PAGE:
Our separate history

Tahu Potiki writes in The Press:

The tone of Ansell’s website is generally disturbing and more than a little obsessive. I don’t really understand what so incenses him but, in his supposed pursuit of the truth, he merely appears to be ranting about the imminent dangers of separatism as if it was a modern conspiracy among Maori leaders, the judiciary, state, media and professional historians to distort the lens that is used to view the history of New Zealand.

I think the truth, something Ansell claims to be the champion of, requires a little more consideration than his apparently unbalanced hyperbole.

If ideas of separateness between Maori and Pakeha do exist in New Zealand, it clearly stems from the early days of colonial government when different laws were introduced for the different races.

Examples are not hard to find.

The Native Schools Act 1867 was introduced specifically for children in Maori communities. The purpose of the schools, the funding available and the curriculum taught were different from mainstream schools.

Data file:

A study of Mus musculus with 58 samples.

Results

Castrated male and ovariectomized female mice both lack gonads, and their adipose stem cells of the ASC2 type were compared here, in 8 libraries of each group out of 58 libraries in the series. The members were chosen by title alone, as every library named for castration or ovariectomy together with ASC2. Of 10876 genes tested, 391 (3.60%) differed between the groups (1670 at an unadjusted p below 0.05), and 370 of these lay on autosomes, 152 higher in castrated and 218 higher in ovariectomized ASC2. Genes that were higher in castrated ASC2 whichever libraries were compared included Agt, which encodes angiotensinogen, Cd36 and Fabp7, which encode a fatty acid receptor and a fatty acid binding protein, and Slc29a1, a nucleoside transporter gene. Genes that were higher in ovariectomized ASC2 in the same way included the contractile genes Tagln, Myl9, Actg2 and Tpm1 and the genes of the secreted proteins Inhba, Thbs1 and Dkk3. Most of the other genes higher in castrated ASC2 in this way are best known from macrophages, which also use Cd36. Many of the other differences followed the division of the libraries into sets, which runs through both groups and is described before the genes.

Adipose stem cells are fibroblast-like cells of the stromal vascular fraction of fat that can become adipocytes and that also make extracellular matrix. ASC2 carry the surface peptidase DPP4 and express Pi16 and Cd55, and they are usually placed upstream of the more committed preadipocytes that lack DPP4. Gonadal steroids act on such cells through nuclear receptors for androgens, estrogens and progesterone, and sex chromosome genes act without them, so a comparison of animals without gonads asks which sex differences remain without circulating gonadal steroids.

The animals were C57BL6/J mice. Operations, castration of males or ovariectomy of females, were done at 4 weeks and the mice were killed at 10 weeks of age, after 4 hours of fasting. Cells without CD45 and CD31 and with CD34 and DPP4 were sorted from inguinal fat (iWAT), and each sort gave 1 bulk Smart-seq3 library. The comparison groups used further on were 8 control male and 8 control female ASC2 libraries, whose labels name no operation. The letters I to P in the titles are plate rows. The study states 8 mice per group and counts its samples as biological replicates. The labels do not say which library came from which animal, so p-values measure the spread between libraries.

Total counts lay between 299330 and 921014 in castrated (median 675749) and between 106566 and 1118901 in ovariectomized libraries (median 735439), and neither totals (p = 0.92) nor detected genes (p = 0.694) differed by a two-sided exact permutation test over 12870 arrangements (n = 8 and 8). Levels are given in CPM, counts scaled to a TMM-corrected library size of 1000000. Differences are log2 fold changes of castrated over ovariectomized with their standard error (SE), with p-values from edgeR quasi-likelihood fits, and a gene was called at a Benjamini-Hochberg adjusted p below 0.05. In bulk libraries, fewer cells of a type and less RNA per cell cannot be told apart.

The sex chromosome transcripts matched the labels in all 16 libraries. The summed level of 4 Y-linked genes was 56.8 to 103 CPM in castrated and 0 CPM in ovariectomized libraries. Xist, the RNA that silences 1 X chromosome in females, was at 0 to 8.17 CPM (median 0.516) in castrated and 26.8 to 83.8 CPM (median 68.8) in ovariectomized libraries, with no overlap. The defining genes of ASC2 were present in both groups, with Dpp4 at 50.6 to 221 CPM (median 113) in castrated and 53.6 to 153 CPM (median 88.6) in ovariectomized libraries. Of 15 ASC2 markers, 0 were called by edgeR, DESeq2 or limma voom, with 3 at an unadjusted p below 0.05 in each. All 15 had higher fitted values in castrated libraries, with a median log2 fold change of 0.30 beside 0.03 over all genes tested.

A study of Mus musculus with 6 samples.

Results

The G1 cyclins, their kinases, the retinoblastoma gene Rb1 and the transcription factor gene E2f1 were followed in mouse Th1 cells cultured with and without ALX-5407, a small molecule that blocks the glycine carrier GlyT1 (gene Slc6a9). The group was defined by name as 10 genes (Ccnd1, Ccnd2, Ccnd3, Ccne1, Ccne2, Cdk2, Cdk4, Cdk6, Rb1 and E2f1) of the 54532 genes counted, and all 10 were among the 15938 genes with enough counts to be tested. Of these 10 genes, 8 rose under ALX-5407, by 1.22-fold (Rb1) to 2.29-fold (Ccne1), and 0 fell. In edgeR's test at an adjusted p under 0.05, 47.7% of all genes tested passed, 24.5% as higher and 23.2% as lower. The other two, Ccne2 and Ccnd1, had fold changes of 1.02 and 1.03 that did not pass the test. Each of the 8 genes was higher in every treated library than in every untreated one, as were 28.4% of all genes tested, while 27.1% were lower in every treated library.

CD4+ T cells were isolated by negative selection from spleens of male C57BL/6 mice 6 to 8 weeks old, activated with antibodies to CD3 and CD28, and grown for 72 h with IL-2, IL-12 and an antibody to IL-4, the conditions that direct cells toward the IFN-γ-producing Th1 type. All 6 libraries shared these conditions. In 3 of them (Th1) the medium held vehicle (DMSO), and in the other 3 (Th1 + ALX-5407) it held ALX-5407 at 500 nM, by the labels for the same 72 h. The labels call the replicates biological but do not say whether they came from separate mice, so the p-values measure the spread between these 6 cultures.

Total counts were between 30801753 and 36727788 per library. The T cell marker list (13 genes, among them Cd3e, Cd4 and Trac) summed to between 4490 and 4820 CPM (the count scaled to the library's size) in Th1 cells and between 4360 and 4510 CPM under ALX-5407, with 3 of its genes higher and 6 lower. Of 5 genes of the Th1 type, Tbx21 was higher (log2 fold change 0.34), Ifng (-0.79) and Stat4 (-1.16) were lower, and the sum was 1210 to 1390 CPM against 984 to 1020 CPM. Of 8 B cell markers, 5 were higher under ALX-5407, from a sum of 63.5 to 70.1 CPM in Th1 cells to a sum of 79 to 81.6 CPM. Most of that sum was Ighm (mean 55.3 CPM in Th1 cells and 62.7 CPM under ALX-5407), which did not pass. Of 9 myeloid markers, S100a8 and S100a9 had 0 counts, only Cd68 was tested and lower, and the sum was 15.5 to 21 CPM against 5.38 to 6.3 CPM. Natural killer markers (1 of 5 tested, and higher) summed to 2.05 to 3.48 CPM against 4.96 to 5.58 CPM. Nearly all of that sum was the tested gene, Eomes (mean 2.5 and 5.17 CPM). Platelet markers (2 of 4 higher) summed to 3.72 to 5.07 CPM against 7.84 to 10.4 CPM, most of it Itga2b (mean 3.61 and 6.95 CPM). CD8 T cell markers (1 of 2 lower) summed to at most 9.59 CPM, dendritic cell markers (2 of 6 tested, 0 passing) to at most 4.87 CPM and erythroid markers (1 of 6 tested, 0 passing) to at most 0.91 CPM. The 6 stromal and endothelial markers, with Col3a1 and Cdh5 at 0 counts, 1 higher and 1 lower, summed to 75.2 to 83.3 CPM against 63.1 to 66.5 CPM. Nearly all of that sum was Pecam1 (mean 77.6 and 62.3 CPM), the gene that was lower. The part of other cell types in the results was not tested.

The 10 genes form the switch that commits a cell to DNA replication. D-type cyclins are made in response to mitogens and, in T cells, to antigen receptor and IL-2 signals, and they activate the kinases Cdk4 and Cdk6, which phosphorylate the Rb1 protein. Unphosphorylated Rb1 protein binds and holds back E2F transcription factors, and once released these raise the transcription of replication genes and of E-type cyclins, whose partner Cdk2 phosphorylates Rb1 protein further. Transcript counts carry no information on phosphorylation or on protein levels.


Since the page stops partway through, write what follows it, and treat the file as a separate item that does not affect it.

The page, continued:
The early church schools educated children in Maori and many children were literate albeit not in English.

The Native Schools had a mission, generally supported by Maori leadership to instruct in English and assimilate the children into European ways. This separate school system remained in place until 1969.

Potiki is quite right that NZ’s past is full of separate laws and policies for Maori and non-Maori.

I think it is appalling that up until 1975, Maori (defined as over 50% Maori descent) were banned from voting in general electorate seats. I can understand things not being too enlightened in the 1850s, but it is incredible that this persisted until the 1970s.

However to me, this is exactly why we should not continue with race based seats. The fact we had them in the past is not, for me, a reason to justify them today. It is a reason to say “the future we aspire to is one where all New Zealanders can vote in any seat, regardless of their ethnic descent”.